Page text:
05/02/18

When it’s cold outside, nothing beats a down jacket for its insulating properties. But what exactly is a down jacket? And what makes it so warm? This guide will help you find answers to all of your down jacket questions to help you choose the perfect one for you.

What Is a Down Jacket?

Down jackets are insulated using the soft under feathers from ducks or geese. Down has incredible insulating properties because the loft (or fluffiness) of the material creates thousands of tiny air pockets that trap warm air and retain heat.

The down fill of a jacket will either be goose down or duck down, or sometimes a combination of the two. Goose down is regarded as the warmest and lightest, but duck down or jackets that use a combination are often much cheaper and still keep you very warm.

What is Down Fill Power?

You will often see a number that usually ranges from 600 to 800 when looking at down jackets. This is a rating of the fill power, which measures the loft of the down and its insulating properties. The higher the fill power, the more air pockets in the down and the warmer it will be for its weight.

Fill power is tested in laboratory conditions, where an ounce of down is compressed by a weight. It's ability to bounce back and ‘loft’ is calculated as the fill power.

Fill Power Rating
400 - 450 Medium
500 - 550 Good
550 - 750 Very Good
750 - 900 Excellent

Another set of numbers you might see are the percentage of down and the percentage of feathers, such as 80/20. This example means that the jacket is insulated using 80% down and 20% feathers. Feathers don’t provide any loft, so the higher the percentage of down used, the more insulated the jacket will be.

Are Down Jackets Waterproof?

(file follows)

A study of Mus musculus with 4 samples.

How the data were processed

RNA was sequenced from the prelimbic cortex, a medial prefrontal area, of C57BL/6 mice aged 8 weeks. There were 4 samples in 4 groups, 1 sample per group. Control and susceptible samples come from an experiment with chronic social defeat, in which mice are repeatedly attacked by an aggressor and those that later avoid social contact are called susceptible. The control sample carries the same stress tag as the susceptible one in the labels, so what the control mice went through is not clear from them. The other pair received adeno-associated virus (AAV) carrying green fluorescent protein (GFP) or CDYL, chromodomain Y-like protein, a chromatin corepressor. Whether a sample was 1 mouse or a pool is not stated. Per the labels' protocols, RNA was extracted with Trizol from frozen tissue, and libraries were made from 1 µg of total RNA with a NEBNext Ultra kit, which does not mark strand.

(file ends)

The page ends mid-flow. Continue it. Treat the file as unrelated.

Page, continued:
Whilst down material loses its insulating properties when it gets wet, the shell of many down jackets will be coated with Durable Water Repellent coatings (DWR) to offer some resistance to rain. You can also get fully waterproof down jackets that combine this coating with a waterproof membrane. This prevents any moisture getting into the jacket, but is also breathable to allow moisture and sweat to escape.

You can shop our range of waterproof and water resistant mens down jackets and womens down jackets.


Henry Down Padded Jacket

Men's Henry Down Padded Jacket

Stay warm with this lightweight down jacket, the perfect packable layer for winter.

Buy Now

Womens Featherweight Down Jacket

With a down fill power rating of 600, this water resistant jacket will keep you warm.

Buy Now

Down vs Synthetic Insulation

The main differences between down and synthetic insulation are that down is lighter and a much better insulator. However, if you are a naturally warm person, or will be performing a strenuous activity such as hiking or skiing, you may find that a down jacket makes you too hot and synthetic insulation will be better suited.

Down Insulation

Pros Cons
Excellent heat retention Loses insulating ability when wet
Lightweight- better warmth to weight ratio Takes a long time to dry out when wet
Wider comfort temperature range- making it suitable for cold and warm temperatures More expensive
Easier to compress and packs small Requires special cleaning

Synthetic Insulation

Pros Cons
Retains insulating properties when damp/wet Does not retain heat as well as down
Cheaper than down Bulkier
Easier to clean Heavier

Durability and Weight

The shell of a super lightweight down jacket will be made with a thin and light material. Although this is ideal for reducing weight, these jackets can be more vulnerable to snagging and abrasions. This type of jacket is great if you are wearing it now and again on cold days but if you are looking for a jacket to wear regularly for many years to come, it is worth looking for a slightly heavier and thicker outer shell which will last far longer. You can shop our entire range of down jackets, which come in a range of shapes, sizes and colors.

How Should a Down Jacket Fit?

A down jacket shouldn’t be too fitted, or too loose. Try to allow for adding layers underneath your jacket, but ensure it isn’t too roomy as this will allow cold air in through the hems and arms. Some down jackets have cuffed waists and wrists to help seal in the warmth.

Another feature to consider is a hood. Hooded down jackets can add extra warmth but also extra bulk. If you plan on wearing a down jacket as a midlayer (underneath a rain jacket for example) you may be better getting a jacket without a hood.